Cannabis 2.0: Expanding Product Offerings for Canadian Users

Shortly after the legalization of cannabis leaf products in Canada came what the industry generally classifies as Cannabis 2.0. Here, cannabis derivatives such as edibles, tinctures, oils, topicals, infused beverages etc. can be sold by a licensed distributor within Canada. This opened the sector to a new segment of users. These individuals are typically uncomfortable with traditional use but were more open-minded to product alternatives that can allow them to explore and appreciate the properties of cannabis. It is predicted that Cannabis 2.0 will be worth at least $2.7 billion annually with over 50% of the value from edibles ($1.6 billion). 

Current Gaps in Producing Alternative Cannabis Products

While Cannabis 2.0 presents great opportunities for Canada as a global leader, there are still a lot of challenges in product development including separation, taste, and shelf-life. Cannabinoids are lipophilic molecules which makes it immiscible in products without a fat or oil component. As a result, alternatives such as infused beverages often have issues with separation and that can impact reproducibility of product experiences for stakeholders which decreases brand image. Finding different surfactants or methods to increase solubility has been of particular interest to the industry. On the other hand, certain terpene profiles from certain cannabis strains and their extraction methods are often more compatible with a specific flavour profile. Optimizing procedures to maximize taste of and extraction procedures for distillates can help decrease costs for developers. Lastly, understanding how long active ingredients in processed cannabis goods last and how to lengthen that shelf life can reduce help businesses decrease waste and subsequently save on money.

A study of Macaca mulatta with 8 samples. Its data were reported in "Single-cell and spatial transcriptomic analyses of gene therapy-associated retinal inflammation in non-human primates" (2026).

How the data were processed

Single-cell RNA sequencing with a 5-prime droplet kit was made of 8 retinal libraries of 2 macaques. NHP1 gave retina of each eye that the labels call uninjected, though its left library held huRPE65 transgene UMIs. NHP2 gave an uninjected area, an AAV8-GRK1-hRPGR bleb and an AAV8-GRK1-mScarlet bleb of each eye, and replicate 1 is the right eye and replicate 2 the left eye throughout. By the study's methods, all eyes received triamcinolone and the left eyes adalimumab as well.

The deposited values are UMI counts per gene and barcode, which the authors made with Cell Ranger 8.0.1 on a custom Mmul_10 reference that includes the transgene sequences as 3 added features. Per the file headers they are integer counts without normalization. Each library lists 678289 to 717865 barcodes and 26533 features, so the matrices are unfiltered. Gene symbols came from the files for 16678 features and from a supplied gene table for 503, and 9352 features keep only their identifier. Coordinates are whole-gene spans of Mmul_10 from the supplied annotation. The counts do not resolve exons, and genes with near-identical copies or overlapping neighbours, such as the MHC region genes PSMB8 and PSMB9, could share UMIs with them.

Raising Capital for Necessary Research 

Innovation in alternative cannabis products will be key for the Canadian market to grow their profit margins and help them stay at the forefront of the global cannabis market as legalization expands. Bringing to market high-quality cannabis products can help Canada realize the upper limit of the recreational cannabis market projected to grow to $4.34 billion in the next few years. To keep this competitive edge, developers need to continually stay engaged in research efforts to optimize procedures and create better products. However, these can ultimately become very costly ventures for businesses to carry out especially if they have limited working capital for experimentation.

In Canada, businesses of all sizes can claim the research tax credit, SR&ED, for similar procedures outlined above. The main focus of SR&ED eligible projects should be to help resolve uncertainty in the field. If you are wondering if any ongoing research projects in your business qualifies for this tax credit, reach out to our team here at Felix SR&ED, This email address is being protected from spambots. You need JavaScript enabled to view it., to book a free consultation today!